The market’s fall pullback is starting to reverse itself, but don’t worry: there are still bargain dividend payers yielding 7.4%+ dividends to be had out there.
But investing (along with everything in our lives!) has changed. You simply won’t get safe, high payouts by clutching to old habits and buying big-name, high-yielding S&P 500 stocks. The real dividend bargains are in closed-end funds (CEFs), which give you higher payouts, greater safety and often better returns over the long haul.
To show you what I mean, let’s line up three S&P 500 “dividend darlings” against the CEF competition and see how they compare. (Spoiler: it’s a blowout win for CEFs!)
AT&T: Big Dividend Lousy Return
AT&T (T) is a stock so old my grandmother has had it in her portfolio since before my mother was born. Ma Bell has been known as a huge income producer, with enticing 5%+ yields; today the stock’s yield is above 7%.
Such a big payout sounds like a slam dunk, so why not pick it up? To be honest, there are many reasons why this would be a bad move.
For one, AT&T’s net income fell 25% in 2019 from the prior year and has so far fallen 31.1% in 2020. As well, the company’s assets are barely growing as fast as its debts. Even if we ignored all of that, AT&T has badly underperformed the market over the long haul, even when you include its dividend!
The stock has done much worse than the alternative I’d suggest: the Liberty All-Star Growth Fund (ASG), which is full of companies that have beaten AT&T over the long haul, like Amazon.com (AMZN), Microsoft (MSFT) and Alphabet (GOOG).
Plus, ASG gives you much more diversification than buying a single telecom stock: the fund boasts 121 holdings spread over a range of sectors.
ASG’s timely stock selection has helped it dominate over the last 10 years, returning 329% to the S&P 500’s 256% and AT&T’s 72%. ASG also pays a 7.4% dividend, which is above AT&T’s payout, so you can lock in that big income stream while also buying into companies that are doing much better than AT&T.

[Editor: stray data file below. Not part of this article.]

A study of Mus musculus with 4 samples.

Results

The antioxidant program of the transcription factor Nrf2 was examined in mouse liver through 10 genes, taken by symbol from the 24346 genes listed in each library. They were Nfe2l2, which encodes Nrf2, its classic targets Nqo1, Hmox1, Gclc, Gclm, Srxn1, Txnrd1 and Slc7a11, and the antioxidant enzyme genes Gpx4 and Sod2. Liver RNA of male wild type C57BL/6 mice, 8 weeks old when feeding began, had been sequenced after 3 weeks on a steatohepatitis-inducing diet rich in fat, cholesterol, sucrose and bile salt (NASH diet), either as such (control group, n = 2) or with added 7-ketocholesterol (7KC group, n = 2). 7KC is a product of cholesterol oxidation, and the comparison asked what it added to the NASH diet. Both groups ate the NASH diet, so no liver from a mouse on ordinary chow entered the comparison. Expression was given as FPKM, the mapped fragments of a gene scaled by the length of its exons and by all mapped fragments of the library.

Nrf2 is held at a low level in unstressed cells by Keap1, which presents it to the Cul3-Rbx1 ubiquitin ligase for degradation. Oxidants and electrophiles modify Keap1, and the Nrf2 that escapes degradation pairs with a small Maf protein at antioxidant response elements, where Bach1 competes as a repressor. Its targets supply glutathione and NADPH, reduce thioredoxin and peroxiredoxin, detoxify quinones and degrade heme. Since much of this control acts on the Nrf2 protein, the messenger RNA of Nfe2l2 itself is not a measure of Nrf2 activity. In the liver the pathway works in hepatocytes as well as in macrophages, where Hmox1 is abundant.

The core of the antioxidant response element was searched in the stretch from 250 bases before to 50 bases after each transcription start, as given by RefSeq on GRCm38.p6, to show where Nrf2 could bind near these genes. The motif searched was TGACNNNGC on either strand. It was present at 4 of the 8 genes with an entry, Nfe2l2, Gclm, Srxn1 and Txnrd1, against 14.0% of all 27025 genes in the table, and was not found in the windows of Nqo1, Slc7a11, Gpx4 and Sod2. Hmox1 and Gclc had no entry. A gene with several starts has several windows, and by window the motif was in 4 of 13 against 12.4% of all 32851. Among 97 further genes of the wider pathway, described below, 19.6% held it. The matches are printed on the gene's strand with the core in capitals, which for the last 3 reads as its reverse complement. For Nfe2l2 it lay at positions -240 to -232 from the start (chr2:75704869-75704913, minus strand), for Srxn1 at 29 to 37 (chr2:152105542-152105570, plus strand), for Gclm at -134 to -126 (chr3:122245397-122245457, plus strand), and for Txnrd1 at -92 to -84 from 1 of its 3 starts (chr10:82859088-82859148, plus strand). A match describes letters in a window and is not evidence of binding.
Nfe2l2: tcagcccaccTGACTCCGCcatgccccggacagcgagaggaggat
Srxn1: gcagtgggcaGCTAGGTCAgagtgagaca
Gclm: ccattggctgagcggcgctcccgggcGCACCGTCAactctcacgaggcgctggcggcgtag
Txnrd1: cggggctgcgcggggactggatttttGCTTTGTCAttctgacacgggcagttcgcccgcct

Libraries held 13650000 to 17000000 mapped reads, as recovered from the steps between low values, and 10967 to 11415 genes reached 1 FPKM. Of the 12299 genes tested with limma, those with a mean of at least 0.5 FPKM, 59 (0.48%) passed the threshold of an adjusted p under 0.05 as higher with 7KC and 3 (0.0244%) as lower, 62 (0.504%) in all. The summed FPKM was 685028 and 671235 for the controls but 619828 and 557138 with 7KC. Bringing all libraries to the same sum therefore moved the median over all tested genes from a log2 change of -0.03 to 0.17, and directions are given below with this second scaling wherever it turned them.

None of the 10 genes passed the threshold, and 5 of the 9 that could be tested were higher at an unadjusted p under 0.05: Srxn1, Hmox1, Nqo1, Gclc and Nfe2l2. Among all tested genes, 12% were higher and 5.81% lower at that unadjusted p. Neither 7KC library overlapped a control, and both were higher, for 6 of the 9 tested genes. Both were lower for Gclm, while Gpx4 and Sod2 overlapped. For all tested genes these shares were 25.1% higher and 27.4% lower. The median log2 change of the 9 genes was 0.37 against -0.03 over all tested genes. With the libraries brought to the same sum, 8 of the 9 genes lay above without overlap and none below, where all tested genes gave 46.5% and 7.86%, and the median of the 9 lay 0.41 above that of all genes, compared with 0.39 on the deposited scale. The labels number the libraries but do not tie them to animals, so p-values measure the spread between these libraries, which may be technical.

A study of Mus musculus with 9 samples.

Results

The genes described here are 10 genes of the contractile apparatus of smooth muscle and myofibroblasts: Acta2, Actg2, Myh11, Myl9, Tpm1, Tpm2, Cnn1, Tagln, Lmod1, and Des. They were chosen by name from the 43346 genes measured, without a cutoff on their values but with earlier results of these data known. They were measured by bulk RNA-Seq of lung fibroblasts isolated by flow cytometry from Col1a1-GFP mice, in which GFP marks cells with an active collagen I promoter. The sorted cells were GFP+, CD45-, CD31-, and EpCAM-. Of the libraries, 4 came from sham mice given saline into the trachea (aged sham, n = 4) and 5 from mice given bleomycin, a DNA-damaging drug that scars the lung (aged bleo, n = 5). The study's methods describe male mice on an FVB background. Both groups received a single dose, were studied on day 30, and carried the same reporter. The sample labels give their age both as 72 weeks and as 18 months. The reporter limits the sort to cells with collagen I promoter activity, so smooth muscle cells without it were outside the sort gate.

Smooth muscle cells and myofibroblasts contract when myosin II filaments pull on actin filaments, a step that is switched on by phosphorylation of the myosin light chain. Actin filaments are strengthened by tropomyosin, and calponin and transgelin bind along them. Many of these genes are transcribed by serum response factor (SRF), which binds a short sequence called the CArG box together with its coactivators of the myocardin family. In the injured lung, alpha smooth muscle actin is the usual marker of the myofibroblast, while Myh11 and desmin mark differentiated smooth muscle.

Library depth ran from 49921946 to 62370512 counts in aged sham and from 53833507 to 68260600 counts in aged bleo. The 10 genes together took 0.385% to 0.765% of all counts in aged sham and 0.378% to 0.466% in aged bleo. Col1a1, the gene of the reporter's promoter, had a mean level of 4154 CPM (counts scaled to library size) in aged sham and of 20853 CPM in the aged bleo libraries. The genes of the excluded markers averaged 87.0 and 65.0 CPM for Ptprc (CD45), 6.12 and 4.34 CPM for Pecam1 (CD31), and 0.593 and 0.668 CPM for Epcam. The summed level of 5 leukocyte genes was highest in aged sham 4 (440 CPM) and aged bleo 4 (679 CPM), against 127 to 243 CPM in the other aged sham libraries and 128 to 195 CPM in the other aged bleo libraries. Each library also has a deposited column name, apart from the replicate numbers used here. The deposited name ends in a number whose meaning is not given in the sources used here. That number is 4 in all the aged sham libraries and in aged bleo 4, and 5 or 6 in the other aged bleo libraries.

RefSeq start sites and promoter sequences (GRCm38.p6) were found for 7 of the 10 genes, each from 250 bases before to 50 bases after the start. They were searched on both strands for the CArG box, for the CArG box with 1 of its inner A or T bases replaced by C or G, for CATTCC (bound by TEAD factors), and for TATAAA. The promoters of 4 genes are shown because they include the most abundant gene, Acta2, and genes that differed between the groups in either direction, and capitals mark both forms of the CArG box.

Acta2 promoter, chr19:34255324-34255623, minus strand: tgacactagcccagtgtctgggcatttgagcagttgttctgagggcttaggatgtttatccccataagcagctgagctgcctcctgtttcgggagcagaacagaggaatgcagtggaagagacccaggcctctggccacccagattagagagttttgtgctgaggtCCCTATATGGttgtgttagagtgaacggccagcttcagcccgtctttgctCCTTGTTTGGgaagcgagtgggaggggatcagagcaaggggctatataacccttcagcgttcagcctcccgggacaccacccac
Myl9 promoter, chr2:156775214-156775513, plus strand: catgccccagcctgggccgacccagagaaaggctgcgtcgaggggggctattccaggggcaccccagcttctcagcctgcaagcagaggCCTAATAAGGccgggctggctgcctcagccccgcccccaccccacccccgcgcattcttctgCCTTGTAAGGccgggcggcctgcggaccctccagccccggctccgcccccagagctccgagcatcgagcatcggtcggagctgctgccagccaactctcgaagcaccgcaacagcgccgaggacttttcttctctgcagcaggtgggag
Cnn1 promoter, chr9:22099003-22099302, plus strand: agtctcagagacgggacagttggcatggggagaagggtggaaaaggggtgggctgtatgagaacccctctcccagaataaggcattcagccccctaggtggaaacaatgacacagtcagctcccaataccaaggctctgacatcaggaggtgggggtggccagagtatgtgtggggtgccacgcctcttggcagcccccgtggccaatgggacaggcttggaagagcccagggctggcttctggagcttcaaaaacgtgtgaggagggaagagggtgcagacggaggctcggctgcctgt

Sometimes it’s hard to give up what seems like a winning play—which is why my grandmother has ignored my advice to sell AT&T for over a decade. But when we hold onto old beliefs in investing, we give up the big profits that emerging technologies provide. Just ask anyone who bought Amazon or Apple (AAPL) in the ’90s.
Tobacco Stocks: All Smoke, No Fire
Speaking of clutching to old beliefs, let’s talk about tobacco stocks, whose high yields—Philip Morris International (PM) pays 6.3% today, while Altria Group (MO), yields 8.7%—have always lured some investors in.
But of course, smoking has been on the outs for decades. And even the vaping fad, which is already fading fast, couldn’t help these companies. Over the last decade, both stocks have struggled to provide reliable returns, even with dividends included!
That’s why you’re better off with a CEF like the Gabelli Equity Trust (GAB). Its manager, famed value investor Mario Gabelli, has built GAB on sound principles of fundamental investing and buying high-quality stocks that are oversold. That’s a far better strategy than buying companies like Philip Morris, which are cheap for a reason—their businesses are shrinking.
GAB’s diversified portfolio is a healthier option, with stocks like PepsiCo (PEP), which deftly pivoted to healthy drinks, bottled water and snacks when consumers got more health-conscious. This shows you that Gabelli not only identifies companies that are cheap but also firms that can adjust to changing tastes. And that’s why GAB wipes the floor with the cigarette makers when we look at profits and payouts.
Plus, GAB pays out a lot more. Its yield is 11.7% now—far more than either tobacco stock pays, and with much more diversification, too.
Michael Foster is the Lead Research Analyst for Contrarian Outlook. For more great income ideas, click here for our latest report “Indestructible Income: 5 Bargain Funds with Safe 8.8% Dividends.”